On May 7, 2021, class claims were filed in federal court in the Southern District of Florida against superstore Costco Wholesale Corporation (“Costco”), alleging that the retail giant intentionally misled consumers as to the details of its Interstate Battery Warranty.
In the complaint, named plaintiff John Skandrel describes how for several years, Costco has advertised its 36- or 42-month “Free Replacement” warranty with the purchase of each Interstate-branded car battery sold at Costco retail stores. The plaintiff argued that the concept of the Free Replacement Warranty was reasonably understood by consumers to mean that in the event the product was found to be defective within the warranty period, the consumer could return it and receive a replacement at no additional cost.
However, plaintiff alleged, this was not the way the Costco Free Replacement Warranty functioned in practice. The plaintiff claimed that when a consumer returned the defective Interstate battery to a Costco location for a replacement battery within the warranty period, he or she was refunded the original purchase price of the battery and then subsequently charged an increased price for the replacement battery. The complaint alleged that the warranty scheme Costco promoted was deceptive and violated state consumer protection laws which led to Costco’s unjust enrichment.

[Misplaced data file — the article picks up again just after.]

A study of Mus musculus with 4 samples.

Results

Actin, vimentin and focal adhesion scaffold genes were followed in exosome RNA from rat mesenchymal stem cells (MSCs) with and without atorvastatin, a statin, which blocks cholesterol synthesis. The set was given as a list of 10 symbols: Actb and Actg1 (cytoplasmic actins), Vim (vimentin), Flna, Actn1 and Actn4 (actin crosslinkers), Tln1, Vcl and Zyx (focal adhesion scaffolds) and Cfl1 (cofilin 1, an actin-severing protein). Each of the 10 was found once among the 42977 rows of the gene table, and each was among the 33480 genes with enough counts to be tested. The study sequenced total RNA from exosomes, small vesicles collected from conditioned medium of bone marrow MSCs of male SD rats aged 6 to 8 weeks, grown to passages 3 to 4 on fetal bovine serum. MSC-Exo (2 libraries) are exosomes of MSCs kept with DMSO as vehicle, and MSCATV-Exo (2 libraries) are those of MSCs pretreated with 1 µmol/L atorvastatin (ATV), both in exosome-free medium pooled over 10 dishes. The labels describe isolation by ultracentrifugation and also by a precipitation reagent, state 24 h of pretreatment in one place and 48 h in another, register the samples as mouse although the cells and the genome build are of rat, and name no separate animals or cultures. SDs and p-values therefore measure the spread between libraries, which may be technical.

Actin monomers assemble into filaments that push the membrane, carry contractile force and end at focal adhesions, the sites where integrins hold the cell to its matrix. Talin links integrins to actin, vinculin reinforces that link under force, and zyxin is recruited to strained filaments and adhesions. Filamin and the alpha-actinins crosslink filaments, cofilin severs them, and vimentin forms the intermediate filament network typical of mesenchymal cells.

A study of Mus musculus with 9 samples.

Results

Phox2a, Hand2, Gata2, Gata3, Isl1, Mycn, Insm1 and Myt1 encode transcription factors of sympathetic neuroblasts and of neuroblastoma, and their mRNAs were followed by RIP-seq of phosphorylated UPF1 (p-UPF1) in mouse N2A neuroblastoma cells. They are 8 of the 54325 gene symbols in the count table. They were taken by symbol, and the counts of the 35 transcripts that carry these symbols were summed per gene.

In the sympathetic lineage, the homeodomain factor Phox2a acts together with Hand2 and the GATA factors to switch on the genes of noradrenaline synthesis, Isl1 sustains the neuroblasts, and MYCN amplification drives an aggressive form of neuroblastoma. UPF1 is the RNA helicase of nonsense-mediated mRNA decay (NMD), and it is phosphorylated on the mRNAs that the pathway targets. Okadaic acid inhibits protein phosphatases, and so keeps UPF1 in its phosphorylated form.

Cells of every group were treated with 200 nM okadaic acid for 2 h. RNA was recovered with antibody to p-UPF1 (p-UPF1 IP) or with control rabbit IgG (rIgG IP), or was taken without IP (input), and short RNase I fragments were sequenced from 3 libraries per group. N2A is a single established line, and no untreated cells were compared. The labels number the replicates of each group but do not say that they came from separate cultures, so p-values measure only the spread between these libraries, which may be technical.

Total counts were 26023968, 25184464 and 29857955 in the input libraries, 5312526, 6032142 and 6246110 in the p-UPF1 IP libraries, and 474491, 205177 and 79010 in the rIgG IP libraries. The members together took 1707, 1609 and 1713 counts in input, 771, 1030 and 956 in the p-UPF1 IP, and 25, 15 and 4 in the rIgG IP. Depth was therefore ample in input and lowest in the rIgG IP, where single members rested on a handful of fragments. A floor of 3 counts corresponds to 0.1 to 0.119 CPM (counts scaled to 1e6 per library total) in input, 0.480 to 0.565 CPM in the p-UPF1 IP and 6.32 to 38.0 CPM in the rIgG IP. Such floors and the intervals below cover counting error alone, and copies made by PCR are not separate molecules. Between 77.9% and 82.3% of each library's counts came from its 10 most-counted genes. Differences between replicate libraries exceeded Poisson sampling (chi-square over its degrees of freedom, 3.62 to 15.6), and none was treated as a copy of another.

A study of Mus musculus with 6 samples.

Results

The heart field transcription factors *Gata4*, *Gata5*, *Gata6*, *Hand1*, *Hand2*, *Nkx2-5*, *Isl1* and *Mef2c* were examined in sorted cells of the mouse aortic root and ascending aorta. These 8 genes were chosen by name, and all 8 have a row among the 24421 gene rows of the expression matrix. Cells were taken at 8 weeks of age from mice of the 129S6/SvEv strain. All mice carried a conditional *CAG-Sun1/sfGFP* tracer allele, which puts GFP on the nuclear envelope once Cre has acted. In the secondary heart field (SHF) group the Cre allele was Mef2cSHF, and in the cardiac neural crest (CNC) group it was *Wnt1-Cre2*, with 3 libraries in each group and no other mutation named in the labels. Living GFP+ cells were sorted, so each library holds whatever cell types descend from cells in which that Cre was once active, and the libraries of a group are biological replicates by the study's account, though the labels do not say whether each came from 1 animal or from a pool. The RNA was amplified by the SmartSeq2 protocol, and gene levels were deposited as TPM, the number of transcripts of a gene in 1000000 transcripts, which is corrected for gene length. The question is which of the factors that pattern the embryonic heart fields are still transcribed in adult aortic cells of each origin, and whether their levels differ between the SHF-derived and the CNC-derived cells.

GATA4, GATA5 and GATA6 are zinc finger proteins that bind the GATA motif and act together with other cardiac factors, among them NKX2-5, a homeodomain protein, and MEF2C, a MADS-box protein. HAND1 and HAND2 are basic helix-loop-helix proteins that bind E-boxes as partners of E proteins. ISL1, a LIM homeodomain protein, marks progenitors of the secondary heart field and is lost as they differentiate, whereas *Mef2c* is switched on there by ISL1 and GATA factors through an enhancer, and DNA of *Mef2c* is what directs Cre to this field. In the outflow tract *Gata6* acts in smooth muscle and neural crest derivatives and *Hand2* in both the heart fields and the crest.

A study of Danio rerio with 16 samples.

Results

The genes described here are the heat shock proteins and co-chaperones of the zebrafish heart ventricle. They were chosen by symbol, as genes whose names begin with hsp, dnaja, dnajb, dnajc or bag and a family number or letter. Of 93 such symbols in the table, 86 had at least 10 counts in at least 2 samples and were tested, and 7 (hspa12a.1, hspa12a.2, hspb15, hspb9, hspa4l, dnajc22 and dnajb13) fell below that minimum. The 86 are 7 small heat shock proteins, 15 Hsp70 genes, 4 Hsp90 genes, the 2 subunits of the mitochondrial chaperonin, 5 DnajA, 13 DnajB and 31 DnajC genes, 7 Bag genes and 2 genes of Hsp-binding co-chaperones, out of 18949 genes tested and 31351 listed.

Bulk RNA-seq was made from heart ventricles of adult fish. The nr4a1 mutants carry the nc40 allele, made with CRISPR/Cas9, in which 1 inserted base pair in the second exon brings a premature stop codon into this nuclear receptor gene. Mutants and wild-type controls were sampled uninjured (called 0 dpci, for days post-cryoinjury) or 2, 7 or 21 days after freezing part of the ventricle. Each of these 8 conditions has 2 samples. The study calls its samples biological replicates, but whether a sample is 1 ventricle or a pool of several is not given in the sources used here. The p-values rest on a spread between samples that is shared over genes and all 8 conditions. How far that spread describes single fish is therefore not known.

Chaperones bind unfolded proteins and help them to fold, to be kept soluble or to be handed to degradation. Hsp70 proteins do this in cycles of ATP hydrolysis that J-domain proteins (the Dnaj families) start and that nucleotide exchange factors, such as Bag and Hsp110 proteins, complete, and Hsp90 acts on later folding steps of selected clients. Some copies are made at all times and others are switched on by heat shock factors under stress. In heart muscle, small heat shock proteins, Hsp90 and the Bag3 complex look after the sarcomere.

The plaintiff seeks to represent a class made up of all persons or entities in the United States that purchased an Interstate Battery at Costco and were not provided with a free replacement battery when their Interstate Battery became defective, in addition to a Florida subclass. The suit brings causes of action for violations of Florida Deceptive and Unfair Trade Practices Act, breach of express warranty, breach of the implied covenant of good faith and fair dealings, fraudulent concealment and unjust enrichment.
The case is: Skandrel v. Costco Wholesale Corp., Case No.: 9:21-cv-80826, in the U.S. District Court for the Southern District of Florida.